4. Scalability and limitations

One of the key goals that were in mind when designing the Cassandra PV Archiver was scalability. The Cassandra PV Archiver is designed to work both for very small setups (possibly as small as a single node installation) and very large scale setups (with tens or even hundreds of nodes). By using Apache Cassandra as the data store, the Cassandra PV Archiver can scale linearly, increasing the number of channels that can be handled and the amount of data that can be stored with each node added.

The Cassandra PV Archiver is not just scalable when making the first deployment. In fact, an existing deployment can easily be scaled up by adding more nodes with zero downtime as the demand grows. However, there are a few limitations regarding the data that can be stored for individual channels, of which the administrator should be aware. These limitations are largely instrinsic to the use of Apache Cassandra as the data store, but for some of them there exist workarounds that are described in the next paragraphs.

4.1. High update rates

The archiving of each sample results in an INSERT statement being executed in the Cassandra database. As the number of statements that can be executed per second is usually limited to something in the order of 100,000 statements per second per node, archiving samples at extremely high rates is typically not a good idea. For example, when having channels with an update rate of about 1 kHz, only about one hundred channels could be archived per node. In additition to that, samples for the same channel are archived one after another. This means that the next sample is only archived once the INSERT statement for the precding sample has finished. Due to the latency involved in executing each statement, this effectively limits the rate at which samples for a single channel can be written.

The workaround for this issue can be implemented by providing a custom control-system support (see Chapter V, Extending Cassandra PV Archiver) that archives samples at a lower rate. For example, a control-system support can choose to accumulate all samples that are received within a second and then create and archive a “meta-sample” that actually contains the data of all these samples. This reduces the number of INSERT statements required and can thus reduce the load significantly. As a side effect, this also resolves the latency problem.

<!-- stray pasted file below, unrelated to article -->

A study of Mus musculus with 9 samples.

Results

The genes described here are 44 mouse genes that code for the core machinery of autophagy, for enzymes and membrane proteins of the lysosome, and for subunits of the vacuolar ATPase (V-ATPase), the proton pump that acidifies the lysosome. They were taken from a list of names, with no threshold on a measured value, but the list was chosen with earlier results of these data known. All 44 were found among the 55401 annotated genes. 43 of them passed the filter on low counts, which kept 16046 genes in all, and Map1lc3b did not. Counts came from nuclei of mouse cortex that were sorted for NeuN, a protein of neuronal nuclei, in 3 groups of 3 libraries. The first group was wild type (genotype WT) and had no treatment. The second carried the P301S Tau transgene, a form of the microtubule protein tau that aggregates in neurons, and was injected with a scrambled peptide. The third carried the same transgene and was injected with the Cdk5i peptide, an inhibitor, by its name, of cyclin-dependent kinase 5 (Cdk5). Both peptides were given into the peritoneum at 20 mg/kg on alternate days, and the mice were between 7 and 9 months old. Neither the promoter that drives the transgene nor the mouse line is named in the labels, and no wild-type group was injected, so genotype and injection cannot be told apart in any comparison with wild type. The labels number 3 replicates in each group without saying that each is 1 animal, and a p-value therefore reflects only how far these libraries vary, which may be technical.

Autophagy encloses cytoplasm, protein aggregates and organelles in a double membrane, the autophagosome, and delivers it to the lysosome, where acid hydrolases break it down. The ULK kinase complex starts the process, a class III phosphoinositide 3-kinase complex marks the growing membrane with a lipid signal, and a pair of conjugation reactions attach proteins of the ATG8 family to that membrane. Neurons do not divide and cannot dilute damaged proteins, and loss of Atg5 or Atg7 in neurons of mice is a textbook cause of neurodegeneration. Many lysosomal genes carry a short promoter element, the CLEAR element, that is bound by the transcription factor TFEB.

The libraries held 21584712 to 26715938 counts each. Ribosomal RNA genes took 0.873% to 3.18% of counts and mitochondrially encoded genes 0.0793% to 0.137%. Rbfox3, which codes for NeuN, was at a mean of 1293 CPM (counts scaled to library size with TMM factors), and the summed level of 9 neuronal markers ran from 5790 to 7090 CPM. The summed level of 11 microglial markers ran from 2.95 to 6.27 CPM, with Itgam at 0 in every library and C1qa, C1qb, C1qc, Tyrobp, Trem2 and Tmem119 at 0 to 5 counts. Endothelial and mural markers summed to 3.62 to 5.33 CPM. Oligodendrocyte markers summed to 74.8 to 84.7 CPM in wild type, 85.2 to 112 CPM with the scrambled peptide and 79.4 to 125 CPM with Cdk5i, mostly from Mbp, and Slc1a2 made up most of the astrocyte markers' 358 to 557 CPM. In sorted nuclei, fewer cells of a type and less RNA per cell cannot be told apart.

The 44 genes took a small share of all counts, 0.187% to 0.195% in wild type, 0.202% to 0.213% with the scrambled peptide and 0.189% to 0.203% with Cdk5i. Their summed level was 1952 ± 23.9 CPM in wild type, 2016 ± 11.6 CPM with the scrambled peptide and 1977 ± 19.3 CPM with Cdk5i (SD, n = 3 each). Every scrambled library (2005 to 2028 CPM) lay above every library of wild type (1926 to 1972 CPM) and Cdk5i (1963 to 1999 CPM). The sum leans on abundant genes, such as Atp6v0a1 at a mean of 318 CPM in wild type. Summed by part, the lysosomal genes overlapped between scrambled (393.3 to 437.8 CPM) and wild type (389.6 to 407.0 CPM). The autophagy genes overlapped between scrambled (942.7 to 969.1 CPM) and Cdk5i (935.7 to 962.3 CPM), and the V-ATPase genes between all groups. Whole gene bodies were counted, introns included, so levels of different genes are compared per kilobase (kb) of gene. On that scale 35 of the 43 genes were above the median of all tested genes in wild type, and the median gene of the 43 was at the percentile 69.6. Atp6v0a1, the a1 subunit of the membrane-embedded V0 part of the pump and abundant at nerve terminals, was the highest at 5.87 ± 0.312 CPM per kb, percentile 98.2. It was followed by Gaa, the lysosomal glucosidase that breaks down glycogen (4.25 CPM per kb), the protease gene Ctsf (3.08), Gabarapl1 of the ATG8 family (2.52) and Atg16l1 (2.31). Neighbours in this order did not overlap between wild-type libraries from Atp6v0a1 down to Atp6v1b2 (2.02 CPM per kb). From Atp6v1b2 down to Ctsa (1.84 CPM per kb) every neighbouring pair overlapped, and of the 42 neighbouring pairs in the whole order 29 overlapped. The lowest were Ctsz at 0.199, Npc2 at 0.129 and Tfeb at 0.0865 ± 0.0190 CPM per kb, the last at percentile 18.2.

For most scenarios, it should not be necessary to implement this workaround: The Cassandra PV Archiver typically works fine at update rates of about 10 Hz and supervisory control and data acquisition (SCADA) systems rarely deal with significantly higher data rates. Therefore, implementing this workaround only has to be considered when archiving data from a system with exceptionally high update rates.

4.2. Very large samples

As described in Section 2, “Data storage”, archived samples are organized in sample buckets. In order to ensure data consistency even in the event of a server crash at a very incovenient point in time, the Cassandra PV Archiver takes special precautions when creating a new sample bucket. These precautions result in a significant overhead when creating a new sample bucket, so that creating a new sample bucket very frequently is not advisable. This means that a channel producing data at a rate of tens of megabytes per second should not be (directly) archived with the Cassandra PV Archiver.

More importantly, the meta-data about which sample buckets exist is stored in a single partition. When deleting old samples, the corresponding reference to the sample bucket is removed by issuing a DELETE statement in the database. In Apache Cassandra, a DELETE statement results in a so-called tombstone being written. When a lot of tombstones accumulate, this can have a significant impact on read operations, which is why Apache Cassandra aborts a read opertion when it encounters too many tombstones (please refer to the Cassandra documentation for details).

Typically, this is not a problem, but when inserting large amounts of data at comparedly high rates and only retaining this data for a limited amount of time, the number of tombstones generated when deleting old data might actually exceed this limit.

There are two possible workarounds. The first one is changing the configuration options for Apache Cassandra. By reducing the so-called GC grace period, tombstones can be discarded earlier so that the number of tombstones that is accumulated can be reduced. Please be sure to understand the consequences of this change before applying it. It is very important that the periodic nodetool repair operation runs more frequently than the GC grace period. If not, deleted data can reappear, which in the context of the Cassandra PV Archiver can result in data corruption. The other change is increasing the number of tombstones that may be encountered before aborting a read operation. Increasing this number has an impact on the memory consumption of read operations and read operations that encounter many tombstones may run very slowly.

The second and preferred workaround is to store large amounts of data outside the Apache Cassandra database, for example using a scalable, distributed file-system (like Ceph). Such a solution can be implemented by providing a custom control-system support that stores the raw data in files and archives the meta-data (which file contains the data for a specific sample) using the Cassandra PV Archiver.

As a rule of thumb, you should consider storing the sample data outside the Cassandra database when the average data rate of a single channel exceeds the order of 50 KB per second. The average data rate means the rate averaged over an extended amount of time. For example, having a burst of data at a rate of 5 MB per second for ten seconds is fine when it is typically followed by a period of 30 minutes where virtually no data is archived.